Bridge to Scotland 'about as feasible as building a bridge to the moon'
A proposed bridge between Northern Ireland and Scotland is "about as feasible as building a bridge to the moon", it has been claimed.
James Duncan, who describes himself as a retired offshore engineer, wrote a letter the Sunday Times ridiculing the plan after it was refloated by Boris Johnson last week.
The former British foreign secretary, who resigned from Theresa May's cabinet in July in protest at her plans for a Brexit deal, said: "What we need to do is build a bridge between our islands. Why don't we? Why don't we?"
The idea has previously been supported by the DUP, which proposed a feasibility study in 2015.
Earlier this year DUP leader Arlene Foster also told an Orange Order parade in Scotland that there was "growing support" for the project.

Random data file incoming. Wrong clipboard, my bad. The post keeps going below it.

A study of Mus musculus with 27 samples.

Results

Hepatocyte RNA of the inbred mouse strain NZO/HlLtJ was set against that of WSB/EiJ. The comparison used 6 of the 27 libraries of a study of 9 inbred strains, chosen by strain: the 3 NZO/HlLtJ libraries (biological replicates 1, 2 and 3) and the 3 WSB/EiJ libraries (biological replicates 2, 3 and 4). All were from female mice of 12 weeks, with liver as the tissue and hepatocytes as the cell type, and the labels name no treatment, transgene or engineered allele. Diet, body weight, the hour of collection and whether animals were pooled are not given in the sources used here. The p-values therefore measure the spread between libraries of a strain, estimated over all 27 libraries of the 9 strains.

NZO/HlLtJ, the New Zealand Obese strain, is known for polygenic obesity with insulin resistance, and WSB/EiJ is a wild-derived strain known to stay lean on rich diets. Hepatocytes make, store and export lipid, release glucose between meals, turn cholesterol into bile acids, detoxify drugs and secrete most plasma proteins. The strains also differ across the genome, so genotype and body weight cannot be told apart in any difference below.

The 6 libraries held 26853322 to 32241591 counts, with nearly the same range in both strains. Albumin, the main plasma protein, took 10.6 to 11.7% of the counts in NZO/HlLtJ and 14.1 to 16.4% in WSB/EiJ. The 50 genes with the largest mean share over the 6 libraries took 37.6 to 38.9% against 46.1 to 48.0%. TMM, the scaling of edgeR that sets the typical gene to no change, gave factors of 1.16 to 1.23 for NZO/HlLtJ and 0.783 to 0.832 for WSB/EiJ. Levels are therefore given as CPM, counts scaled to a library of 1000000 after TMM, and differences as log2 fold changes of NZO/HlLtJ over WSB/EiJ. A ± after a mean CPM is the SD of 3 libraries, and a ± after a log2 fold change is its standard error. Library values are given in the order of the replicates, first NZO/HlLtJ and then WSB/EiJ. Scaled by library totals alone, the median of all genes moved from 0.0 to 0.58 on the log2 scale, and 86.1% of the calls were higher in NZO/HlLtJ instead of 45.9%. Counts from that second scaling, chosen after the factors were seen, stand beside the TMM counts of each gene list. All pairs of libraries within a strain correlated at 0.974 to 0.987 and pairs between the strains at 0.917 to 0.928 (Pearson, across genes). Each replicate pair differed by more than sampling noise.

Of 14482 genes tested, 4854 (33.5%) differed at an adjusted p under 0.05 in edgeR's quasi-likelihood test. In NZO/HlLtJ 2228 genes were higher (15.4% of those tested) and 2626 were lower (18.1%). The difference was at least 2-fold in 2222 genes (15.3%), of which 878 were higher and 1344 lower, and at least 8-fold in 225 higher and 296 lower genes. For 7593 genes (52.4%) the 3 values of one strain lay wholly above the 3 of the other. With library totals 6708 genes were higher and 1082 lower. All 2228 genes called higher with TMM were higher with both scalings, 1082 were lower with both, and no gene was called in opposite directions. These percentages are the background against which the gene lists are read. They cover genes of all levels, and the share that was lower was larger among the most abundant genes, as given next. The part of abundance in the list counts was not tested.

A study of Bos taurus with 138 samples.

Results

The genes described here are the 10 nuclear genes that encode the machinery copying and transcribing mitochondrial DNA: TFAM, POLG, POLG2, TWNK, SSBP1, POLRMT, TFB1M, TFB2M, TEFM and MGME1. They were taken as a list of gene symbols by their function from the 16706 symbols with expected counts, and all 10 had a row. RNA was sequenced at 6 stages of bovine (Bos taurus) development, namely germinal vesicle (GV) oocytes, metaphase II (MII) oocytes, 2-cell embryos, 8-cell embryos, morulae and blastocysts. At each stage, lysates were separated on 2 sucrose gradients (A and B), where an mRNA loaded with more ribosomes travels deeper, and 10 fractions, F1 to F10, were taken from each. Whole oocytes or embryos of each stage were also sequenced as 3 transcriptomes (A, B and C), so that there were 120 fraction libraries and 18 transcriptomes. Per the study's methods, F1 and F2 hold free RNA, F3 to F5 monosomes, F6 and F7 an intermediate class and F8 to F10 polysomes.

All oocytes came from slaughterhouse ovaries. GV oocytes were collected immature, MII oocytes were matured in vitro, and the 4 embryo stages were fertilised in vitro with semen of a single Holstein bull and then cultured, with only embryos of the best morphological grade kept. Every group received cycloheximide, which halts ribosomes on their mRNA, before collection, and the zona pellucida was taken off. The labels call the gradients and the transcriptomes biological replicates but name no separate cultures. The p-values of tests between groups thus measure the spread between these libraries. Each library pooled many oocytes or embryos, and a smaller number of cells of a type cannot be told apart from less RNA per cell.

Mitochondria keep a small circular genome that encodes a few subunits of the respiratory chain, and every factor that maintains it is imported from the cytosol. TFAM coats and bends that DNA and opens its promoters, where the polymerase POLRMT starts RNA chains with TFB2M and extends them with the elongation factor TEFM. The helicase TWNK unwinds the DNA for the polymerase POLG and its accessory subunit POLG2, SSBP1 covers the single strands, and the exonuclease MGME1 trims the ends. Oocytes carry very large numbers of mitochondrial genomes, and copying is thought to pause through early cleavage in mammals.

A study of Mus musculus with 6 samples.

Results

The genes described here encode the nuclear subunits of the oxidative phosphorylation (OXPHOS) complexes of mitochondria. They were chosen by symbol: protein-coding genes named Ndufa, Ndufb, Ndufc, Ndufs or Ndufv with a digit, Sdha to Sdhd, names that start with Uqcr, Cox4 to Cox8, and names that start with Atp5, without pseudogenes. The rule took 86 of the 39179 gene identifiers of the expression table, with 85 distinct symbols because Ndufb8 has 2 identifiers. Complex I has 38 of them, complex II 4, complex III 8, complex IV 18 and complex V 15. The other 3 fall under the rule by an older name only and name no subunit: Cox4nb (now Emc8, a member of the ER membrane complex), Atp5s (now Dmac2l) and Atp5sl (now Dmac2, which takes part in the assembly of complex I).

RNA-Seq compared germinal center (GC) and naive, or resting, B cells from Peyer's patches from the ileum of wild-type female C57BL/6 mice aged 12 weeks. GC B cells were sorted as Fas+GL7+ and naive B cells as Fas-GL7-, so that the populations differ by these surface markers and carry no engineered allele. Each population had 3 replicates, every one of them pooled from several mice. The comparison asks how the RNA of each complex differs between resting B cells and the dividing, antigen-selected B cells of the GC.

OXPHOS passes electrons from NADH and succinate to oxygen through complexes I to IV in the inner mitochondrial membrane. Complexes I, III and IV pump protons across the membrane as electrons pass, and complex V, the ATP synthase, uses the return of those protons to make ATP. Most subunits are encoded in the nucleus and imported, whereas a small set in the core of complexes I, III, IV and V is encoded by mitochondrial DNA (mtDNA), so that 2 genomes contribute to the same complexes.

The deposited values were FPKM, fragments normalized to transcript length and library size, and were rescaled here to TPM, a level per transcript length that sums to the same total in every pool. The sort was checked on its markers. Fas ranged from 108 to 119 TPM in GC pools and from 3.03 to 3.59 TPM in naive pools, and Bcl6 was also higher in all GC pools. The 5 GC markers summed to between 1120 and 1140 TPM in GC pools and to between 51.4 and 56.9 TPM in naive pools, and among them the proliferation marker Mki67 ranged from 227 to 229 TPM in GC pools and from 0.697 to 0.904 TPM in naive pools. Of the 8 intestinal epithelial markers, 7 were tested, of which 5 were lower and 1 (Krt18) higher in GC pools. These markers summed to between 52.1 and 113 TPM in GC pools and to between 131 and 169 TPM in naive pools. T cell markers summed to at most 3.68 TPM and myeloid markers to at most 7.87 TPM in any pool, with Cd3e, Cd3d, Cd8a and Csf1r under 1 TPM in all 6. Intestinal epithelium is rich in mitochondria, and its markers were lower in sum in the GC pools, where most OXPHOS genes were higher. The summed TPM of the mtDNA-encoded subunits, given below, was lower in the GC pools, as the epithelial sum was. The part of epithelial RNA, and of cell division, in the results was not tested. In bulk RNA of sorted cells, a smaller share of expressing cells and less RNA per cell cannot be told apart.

However, Mr Duncan argues in his letter that a bridge has never been built across "such a wide-deep and stormy stretch of water".
"For a great part of the 22-mile route the water is more than 1,000ft deep," he said.
"It would require about 30 support towers at least 1,400ft high to carry the road deck across the deepest part and above the shipping channel.
"In total the bridge would require 54 towers, of heights never achieved anywhere in the world."
Mr Duncan, from Edinburgh, said spanning the trickiest section - Beaufort Dyke - is also complicated by the fact it was used for many years to dump obsolete munitions.
More than 1.5 million tons were dumped, but there is no map of their location.
"No sane contractor or responsible government would consider building such a bridge, and because of the weather conditions it would probably have to be closed for considerable periods if it did," he said.
"This proposal is just another thoughtless soundbite."